The neo-Nazi group National Action Scotland received widespread attention and condemnation after conducting an action where they ran a white-only food bank for homeless people in central Glasgow.
Photos taken at the event show a small group of members at a stall stocked with bottled water, crisps and tinned food items. National Action Scotland later released a video that shows their members passing the food out to homeless people.
Martin, a National Action spokesperson, described the event as a community service: “Homeless outreach entails providing supplies — primarily food and clothing — to individuals who are in need of them. We provide those supplies exclusively to white people,” he said. “Directly to our people, face to face.”
David Featherstone is a senior lecturer in human geography at the University of Glasgow. He says outreach is an important strategy for fascist movements: “It’s a way of them becoming visible in communities,” Featherstone said.
Golden Dawn, a Greek neo-Nazi group, has done similar charity actions. National Action Scotland is a regional chapter of the nation-wide National Action, which operates in England, Wales and Scotland. Like other far-right groups in Europe, National Action blames the economic downturn on immigrants. “In particular, immigration has caused a race to the bottom for jobs and housing and is the main factor in our inability to provide solutions to the housing crisis,” Martin said.
Their most recent action was coordinated with another far-right organization, Narodowe Odrodzenie Polski, commonly known as the National Rebirth of Poland. Both groups have been linked to acts of violence. According to the United Nations Committee on the Elimination of Racial Discrimination, allegations of hate crimes in Britain rose sharply during and after the vote for Brexit.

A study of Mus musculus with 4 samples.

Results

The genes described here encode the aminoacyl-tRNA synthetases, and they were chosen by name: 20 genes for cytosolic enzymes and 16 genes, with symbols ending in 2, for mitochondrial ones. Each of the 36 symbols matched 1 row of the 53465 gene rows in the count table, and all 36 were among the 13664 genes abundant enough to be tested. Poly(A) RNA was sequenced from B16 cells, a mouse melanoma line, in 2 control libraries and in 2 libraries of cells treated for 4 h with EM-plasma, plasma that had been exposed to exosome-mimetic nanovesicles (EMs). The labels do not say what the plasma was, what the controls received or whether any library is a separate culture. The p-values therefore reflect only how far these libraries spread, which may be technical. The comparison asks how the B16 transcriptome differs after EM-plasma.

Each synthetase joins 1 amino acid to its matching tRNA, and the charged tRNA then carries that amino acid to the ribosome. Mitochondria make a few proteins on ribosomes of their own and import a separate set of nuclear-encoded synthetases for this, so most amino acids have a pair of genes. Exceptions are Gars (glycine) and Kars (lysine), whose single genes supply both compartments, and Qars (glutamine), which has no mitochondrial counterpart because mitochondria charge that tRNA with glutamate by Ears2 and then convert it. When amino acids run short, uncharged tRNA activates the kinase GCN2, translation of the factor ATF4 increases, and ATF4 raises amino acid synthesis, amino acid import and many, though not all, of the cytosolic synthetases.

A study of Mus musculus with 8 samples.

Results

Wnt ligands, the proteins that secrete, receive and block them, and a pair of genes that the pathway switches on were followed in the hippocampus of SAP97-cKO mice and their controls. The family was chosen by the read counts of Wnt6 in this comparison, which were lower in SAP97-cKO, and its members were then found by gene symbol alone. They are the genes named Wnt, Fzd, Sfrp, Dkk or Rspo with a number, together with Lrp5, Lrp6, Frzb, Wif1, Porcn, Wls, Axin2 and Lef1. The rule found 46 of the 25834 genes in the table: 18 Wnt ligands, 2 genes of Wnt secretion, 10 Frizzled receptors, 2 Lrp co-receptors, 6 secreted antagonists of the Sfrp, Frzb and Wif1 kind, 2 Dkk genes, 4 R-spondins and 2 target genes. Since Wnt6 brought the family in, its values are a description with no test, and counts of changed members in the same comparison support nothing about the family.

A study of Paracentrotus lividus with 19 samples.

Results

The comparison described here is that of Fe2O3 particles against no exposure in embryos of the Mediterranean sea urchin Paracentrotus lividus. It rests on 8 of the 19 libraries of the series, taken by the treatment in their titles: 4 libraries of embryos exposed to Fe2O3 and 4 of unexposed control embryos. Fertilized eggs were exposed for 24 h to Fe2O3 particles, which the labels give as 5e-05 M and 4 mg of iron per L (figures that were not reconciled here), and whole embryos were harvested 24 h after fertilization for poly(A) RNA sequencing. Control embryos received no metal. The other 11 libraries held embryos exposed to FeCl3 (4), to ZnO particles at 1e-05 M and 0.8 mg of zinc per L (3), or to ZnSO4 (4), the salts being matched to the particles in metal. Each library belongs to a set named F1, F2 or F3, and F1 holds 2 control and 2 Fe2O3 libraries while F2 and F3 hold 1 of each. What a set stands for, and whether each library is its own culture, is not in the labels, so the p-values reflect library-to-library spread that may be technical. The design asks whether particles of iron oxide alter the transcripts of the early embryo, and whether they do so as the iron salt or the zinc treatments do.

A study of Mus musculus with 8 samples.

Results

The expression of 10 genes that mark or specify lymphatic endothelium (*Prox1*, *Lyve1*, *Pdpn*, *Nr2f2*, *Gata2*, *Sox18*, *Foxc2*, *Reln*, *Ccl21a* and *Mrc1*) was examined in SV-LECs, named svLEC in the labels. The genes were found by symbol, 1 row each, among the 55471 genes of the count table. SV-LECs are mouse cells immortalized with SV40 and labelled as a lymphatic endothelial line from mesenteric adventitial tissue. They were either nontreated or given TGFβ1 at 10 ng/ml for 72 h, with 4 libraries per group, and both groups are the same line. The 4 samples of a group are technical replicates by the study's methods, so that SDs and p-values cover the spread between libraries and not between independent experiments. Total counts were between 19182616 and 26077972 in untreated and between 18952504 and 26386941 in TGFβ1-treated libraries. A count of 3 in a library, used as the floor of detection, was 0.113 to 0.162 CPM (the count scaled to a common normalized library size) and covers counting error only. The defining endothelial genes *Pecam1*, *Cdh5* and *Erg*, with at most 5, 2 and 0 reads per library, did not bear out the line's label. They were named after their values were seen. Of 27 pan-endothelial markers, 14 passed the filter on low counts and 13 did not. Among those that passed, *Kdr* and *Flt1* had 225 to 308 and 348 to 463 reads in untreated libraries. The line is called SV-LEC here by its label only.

Featherstone believes the timing of this latest action is significant: “With the European Referendum, you’ve got anti-immigrant rhetoric that’s become mainstream,” he said. “Very nasty, right wing, anti-immigrant discourse”. Featherstone said the best way to combat neo-Nazi groups is to close down the political space they operate in. “It’s much more important to challenge that kind of discourse politically,” Featherstone said. “That will erode the foundations for those groups to work”.
National Action emerged from other far-right British groups in 2013. The group explicitly targets young people and university students for recruitment: “Young people are the future,” Martin said. “Five years ago there was no home for racially-conscious white youth. Now there is a nationwide network that provides a focal point for National Socialist activity.”
National Action Scotland were unconcerned with allegations of racism.
“We are National Socialists and want to create the conditions for a National Socialist state to be formed in Britain,” Martin said. “We are openly racist, so I’m glad the message isn’t being confused.”